June 4, 2016, 5:16 pm

The president added that while the "brave choice of peace" is up to the Israelis and the Palestinians, who are absent from the Paris conference, the French initiative could help provide safeguards for a permanent and stable agreement. Earlier on Friday, French Foreign Minister Jean-Marc Ayrault said direct negotiations between both sides did not work. "Currently everything is blocked," he said. "We don't want to act in the place of the Israelis and Palestinians but we want to help them," he said.

UN Secretary-General Ban Ki-moon, US State Secretary John Kerry, EU High Representative for Foreign Affairs and Security Policy Federica Mogherini, Arab League Secretary General Nabil Al-Araby are among the high-profile attendees at the conference, along with representatives from Saudi Arabia, Russia, the UK, Germany, Egypt, Jordan, Turkey, Norway, the Netherlands, Poland, the Czech Republic, Senegal, Sweden and Switzerland.

Major Powers were aiming to work out a number of security guarantees and economic incentives to encourage Israel and the Palestinians to resurrect the peace talks by the end of 2016. There have been numerous rounds of peace talks between Israel and the Palestinians since the early 1990s, with the most recent collapsing in acrimony in April 2014.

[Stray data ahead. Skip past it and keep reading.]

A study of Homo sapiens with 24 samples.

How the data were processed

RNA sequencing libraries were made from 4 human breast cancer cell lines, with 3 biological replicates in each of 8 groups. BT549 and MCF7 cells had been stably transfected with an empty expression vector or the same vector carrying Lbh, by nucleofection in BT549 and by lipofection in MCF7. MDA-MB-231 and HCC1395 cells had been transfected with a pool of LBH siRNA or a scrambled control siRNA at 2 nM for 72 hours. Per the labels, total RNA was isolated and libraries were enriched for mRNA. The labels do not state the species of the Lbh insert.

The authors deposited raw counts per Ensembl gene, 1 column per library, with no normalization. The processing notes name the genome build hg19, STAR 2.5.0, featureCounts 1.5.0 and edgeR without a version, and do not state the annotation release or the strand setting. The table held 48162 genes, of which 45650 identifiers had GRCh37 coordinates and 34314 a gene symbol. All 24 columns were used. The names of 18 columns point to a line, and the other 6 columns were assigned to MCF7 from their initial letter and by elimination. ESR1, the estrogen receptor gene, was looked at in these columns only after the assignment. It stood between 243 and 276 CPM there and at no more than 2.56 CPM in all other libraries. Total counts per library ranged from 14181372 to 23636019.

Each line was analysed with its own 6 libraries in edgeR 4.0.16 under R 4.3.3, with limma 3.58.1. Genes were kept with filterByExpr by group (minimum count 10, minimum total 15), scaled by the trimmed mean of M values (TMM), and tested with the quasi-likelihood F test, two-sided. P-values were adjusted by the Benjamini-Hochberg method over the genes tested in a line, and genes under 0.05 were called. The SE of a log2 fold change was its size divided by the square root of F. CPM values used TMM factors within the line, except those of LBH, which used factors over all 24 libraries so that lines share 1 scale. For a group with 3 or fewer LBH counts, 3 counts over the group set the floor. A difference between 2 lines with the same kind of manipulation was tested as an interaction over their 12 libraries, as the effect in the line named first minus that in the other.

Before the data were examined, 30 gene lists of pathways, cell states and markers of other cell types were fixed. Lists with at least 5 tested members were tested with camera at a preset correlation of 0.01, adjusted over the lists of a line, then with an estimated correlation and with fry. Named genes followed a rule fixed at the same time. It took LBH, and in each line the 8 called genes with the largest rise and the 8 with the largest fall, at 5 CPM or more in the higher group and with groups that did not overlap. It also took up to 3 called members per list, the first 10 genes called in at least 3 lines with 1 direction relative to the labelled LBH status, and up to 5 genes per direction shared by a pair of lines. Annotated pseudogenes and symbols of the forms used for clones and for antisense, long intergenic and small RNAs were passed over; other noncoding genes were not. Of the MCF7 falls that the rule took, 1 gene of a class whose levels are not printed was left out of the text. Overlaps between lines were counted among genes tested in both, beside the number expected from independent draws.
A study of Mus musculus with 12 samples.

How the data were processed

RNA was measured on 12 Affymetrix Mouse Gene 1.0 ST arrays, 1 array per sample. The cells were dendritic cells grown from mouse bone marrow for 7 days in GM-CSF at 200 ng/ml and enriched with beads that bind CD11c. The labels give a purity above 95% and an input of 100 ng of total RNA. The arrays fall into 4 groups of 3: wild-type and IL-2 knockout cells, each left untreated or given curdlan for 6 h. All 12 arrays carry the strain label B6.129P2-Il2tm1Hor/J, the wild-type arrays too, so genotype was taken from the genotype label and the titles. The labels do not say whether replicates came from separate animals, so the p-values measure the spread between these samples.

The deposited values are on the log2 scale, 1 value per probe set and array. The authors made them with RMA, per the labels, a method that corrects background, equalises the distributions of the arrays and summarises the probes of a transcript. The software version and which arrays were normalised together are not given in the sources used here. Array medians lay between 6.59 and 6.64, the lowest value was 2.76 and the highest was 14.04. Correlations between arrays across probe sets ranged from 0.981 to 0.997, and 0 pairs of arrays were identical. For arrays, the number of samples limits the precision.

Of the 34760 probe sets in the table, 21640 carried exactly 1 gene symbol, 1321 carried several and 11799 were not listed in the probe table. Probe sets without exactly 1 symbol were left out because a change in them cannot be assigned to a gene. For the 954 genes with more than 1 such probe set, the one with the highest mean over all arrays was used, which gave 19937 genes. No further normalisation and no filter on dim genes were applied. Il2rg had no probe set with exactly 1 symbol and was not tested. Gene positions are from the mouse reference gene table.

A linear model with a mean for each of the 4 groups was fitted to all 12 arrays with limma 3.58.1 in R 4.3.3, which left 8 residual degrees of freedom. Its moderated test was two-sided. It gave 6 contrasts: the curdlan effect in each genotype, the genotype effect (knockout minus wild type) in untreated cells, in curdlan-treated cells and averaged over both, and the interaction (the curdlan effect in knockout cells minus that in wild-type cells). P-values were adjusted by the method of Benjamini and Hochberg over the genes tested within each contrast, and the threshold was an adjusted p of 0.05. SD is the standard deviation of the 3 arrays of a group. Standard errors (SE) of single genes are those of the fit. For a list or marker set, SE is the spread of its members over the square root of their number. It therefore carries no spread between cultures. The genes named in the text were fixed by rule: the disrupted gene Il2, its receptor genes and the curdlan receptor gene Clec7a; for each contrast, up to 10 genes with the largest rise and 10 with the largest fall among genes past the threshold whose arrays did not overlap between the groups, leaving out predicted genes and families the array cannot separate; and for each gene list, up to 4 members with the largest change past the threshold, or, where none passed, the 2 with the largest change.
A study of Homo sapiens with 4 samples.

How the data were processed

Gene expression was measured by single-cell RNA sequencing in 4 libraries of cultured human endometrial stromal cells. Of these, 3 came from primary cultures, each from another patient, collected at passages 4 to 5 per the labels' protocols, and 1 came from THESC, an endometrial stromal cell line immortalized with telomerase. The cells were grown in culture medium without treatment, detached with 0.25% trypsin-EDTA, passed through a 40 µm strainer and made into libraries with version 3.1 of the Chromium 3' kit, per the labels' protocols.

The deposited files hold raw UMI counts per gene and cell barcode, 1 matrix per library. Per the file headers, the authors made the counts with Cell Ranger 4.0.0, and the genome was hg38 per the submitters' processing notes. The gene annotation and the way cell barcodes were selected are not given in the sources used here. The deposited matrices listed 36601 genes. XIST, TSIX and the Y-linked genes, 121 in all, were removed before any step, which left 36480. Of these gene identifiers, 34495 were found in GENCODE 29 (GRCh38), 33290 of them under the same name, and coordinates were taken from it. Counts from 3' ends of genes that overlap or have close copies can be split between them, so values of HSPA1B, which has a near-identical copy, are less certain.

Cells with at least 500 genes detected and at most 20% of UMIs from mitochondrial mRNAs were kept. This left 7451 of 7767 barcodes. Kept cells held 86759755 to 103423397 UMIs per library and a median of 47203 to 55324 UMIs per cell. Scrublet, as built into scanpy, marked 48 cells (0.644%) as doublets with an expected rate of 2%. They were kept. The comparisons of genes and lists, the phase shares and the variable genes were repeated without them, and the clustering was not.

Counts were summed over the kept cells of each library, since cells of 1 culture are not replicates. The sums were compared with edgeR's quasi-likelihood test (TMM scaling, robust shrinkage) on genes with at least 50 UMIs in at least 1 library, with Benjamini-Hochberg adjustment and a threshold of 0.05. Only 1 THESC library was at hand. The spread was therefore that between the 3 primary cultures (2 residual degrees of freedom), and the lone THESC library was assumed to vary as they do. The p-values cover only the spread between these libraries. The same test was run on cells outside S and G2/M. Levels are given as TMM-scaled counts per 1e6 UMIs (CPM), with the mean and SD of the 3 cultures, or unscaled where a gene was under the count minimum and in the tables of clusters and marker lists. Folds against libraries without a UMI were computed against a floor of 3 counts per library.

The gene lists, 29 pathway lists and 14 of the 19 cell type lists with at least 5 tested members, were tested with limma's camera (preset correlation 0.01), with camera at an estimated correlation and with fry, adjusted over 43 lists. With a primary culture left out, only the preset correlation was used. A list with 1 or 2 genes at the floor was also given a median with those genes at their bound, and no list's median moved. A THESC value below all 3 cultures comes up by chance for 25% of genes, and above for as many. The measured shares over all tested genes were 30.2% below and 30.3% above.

In a final communiqué, released at the end of the conference, the delegates said the two-state solution based on negotiations is the only way for achieving a permanent peace and helping the two sides live side by side in peace. Ministers said they were "alarmed that actions on the ground, particularly continued acts of violence and ongoing settlements are dangerously imperiling the prospects for the two-state solution".

The communiqué urged Palestine and Israel to abide by the two-state solution so as to rebuild confidence and create conditions for ending the Israeli occupation of Palestinian territories based on 1967 borders and all pending issues in accordance with UN Security Council resolutions 242 and 338, and implementing the Arab peace initiative.

Conferees welcomed the key role of the Middle East Quartet and French initiative to hold an international conference, with the participation of Palestine and Israel by the end of year. In a press statement after concluding the conference, French Foreign Minister Jean-Marc Ayrault cautioned against the slowness in solving the conflict, calling for taking urgent steps to maintain the two-state solution, before it's too late.

Meanwhile, Saudi Foreign Minister Adel Al-Jubeir said the Arab initiative recognizes Israel in exchange for a comprehensive peace settlement. He added that there was no amendment to the initiative.